I will be able to marry my partner after 29 March 2014.
I will have been with my partner for almost 23 and a half years by then.
It will be too late for me to have either of my parents at my wedding.
It will be too late for me to have my nephew at our wedding.
It will be too late for my wife to have her only sibling, her sister, at our wedding.
I will be 51 before the law will allow me to marry.
It will be too late for me, or my wife, to be a ‘blushing bride’. We will be, we are, middle aged women.
It will be too late for the dozens of friends and family, who were alive when we first wanted to marry, 23 years ago, who supported us in our love, and who are now gone.
Of course I’m delighted to be able to marry Shelley.
Of course I’m grateful to all those who have worked so hard for SIMPLE EQUALITY IN LAW.
But yes, it is painful that it has come too late for those many thousands of gay couples denied this equality in the past.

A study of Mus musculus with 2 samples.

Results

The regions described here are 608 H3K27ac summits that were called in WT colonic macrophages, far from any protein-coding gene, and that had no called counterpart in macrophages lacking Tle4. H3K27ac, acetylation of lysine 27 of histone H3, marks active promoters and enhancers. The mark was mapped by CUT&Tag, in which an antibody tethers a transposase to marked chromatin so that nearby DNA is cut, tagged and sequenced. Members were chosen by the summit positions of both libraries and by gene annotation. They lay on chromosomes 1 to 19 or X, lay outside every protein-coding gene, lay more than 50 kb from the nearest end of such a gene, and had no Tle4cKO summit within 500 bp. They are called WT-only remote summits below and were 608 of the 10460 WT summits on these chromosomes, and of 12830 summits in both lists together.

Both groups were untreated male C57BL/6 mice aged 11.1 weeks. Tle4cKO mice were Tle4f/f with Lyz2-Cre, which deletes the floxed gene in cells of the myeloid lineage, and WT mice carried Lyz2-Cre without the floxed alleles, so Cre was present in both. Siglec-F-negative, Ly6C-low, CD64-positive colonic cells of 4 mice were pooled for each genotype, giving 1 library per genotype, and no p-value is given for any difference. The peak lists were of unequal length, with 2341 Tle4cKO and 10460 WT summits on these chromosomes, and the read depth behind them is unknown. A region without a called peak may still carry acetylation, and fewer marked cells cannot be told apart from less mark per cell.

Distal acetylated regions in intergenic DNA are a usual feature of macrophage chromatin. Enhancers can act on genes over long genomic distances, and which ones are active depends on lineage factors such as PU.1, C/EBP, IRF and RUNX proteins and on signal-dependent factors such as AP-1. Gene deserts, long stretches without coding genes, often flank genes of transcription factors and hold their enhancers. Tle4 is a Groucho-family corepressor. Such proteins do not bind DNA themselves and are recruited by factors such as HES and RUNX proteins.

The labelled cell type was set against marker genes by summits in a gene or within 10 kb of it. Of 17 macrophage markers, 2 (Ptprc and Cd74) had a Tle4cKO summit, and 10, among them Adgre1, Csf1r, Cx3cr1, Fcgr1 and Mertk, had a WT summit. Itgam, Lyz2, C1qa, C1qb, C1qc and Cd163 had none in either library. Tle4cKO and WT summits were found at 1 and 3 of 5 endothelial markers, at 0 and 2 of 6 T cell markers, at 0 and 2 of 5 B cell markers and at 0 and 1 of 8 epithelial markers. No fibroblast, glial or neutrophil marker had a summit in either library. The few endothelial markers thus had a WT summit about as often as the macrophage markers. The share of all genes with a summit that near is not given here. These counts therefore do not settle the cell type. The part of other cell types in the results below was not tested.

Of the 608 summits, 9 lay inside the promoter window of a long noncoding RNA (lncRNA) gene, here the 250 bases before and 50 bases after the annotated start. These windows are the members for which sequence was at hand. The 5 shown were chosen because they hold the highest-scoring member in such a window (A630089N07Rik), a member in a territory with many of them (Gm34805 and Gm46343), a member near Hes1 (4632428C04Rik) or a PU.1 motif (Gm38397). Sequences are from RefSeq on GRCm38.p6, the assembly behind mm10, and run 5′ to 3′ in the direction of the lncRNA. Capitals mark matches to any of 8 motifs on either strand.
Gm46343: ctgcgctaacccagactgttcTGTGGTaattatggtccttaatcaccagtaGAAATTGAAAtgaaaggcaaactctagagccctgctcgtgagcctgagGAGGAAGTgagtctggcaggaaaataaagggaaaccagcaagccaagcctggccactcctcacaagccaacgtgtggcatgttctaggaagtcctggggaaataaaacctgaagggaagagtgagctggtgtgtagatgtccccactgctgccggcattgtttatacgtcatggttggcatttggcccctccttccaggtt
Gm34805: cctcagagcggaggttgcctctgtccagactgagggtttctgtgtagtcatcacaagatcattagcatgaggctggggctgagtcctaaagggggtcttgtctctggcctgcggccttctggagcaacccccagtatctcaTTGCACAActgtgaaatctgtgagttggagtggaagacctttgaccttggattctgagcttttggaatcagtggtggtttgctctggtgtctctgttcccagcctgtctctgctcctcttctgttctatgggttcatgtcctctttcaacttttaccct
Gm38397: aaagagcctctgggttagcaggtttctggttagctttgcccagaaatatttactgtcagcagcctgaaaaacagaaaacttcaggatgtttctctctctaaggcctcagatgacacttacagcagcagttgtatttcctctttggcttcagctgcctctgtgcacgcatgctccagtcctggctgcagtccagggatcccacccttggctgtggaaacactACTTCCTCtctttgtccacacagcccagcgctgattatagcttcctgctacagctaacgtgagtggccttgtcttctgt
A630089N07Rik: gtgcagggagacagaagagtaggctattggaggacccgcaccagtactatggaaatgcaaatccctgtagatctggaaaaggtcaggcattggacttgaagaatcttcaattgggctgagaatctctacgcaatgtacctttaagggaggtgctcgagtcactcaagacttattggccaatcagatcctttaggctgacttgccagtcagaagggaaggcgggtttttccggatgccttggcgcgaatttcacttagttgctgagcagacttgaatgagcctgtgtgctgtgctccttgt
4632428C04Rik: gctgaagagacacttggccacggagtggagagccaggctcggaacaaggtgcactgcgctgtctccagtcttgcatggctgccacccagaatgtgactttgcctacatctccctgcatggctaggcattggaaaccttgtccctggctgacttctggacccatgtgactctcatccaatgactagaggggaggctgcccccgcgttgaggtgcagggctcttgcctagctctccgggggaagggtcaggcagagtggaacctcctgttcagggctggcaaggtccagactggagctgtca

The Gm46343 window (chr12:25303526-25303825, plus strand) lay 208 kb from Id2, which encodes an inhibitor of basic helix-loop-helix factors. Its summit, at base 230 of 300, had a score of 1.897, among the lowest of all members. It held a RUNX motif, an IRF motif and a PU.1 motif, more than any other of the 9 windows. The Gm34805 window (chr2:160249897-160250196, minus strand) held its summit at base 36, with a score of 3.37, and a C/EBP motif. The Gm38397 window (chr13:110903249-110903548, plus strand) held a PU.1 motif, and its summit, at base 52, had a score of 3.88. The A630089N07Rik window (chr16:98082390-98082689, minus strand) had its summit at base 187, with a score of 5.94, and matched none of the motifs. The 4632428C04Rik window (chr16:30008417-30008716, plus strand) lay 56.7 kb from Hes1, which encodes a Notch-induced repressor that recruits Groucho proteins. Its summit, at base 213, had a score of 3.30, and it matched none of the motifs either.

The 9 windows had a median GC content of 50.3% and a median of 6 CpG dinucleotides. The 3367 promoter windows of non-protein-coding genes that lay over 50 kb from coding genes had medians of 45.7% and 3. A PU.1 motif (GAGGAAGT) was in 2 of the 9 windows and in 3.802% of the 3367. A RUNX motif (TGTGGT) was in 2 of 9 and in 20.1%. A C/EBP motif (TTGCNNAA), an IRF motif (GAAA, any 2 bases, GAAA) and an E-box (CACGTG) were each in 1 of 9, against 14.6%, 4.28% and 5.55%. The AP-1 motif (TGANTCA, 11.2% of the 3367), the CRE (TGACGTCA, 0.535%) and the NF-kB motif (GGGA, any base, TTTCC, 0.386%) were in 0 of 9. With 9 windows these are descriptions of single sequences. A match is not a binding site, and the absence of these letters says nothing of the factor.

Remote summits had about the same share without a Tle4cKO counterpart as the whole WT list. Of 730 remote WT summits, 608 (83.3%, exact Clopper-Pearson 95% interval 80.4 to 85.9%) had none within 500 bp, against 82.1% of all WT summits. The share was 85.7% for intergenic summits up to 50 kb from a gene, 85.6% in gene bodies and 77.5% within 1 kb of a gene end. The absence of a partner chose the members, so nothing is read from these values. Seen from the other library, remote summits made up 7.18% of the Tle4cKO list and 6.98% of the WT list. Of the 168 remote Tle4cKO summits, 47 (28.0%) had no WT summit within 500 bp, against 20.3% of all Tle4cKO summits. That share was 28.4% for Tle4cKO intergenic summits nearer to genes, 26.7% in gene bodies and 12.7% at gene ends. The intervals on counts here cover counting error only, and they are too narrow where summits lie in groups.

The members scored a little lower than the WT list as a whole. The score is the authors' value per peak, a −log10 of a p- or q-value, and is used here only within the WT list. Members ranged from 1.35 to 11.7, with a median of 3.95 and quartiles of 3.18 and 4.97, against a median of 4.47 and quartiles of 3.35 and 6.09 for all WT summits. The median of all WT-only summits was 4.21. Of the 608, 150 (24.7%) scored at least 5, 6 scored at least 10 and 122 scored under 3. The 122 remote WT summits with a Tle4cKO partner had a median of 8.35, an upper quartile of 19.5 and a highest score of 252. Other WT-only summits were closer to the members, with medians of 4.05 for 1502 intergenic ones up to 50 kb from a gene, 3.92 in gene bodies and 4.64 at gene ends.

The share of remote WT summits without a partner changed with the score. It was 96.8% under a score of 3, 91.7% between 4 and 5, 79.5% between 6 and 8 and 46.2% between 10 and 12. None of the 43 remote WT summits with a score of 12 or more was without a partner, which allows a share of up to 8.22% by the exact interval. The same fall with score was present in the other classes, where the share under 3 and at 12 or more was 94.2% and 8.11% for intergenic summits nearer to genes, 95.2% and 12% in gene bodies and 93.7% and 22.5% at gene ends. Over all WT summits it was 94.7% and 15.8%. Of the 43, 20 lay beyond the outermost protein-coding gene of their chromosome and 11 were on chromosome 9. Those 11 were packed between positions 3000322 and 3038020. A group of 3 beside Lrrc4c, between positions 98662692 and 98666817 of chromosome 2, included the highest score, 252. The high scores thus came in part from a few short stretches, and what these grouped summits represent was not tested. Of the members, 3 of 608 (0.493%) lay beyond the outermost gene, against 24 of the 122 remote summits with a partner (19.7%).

Do remember, straight couples in your 70s, as you celebrate your golden wedding anniversaries, all those gay couples in their 70s who have been together just as long, and deserve the same celebratory joy, who will never live long enough to celebrate their own golden wedding anniversary.
It is tremendously sad it has come too late for those where one partner has died in the years of the very slow progress to law.
It is sad that it took so damn long to see the heartbreakingly simple truth, that my getting married affects no-one but my wife and I, other than spreading around a little of the pleasure we can all feel when we see two people who love each other dearly. My marriage makes no difference to you, just as yours makes no difference to me. My marriage makes, of course, a huge difference to me, to my wife, and to those who love us. Our having to wait 23 years means that many who love us will not be able to celebrate with us.
We will get married, we’ll do something special and lovely, I’m sure.
We’ll raise a glass to all those who fought to make us a little bit more equal.
And we’ll also raise a glass to those we have lost in the long long time it has taken for this piece of equality under the law to arrive.
(I do rather like that this news has come on the day when, 13 years ago, Shelley and I first gave each other wedding rings, long before any possibility of Civil Partnership, let alone marriage.)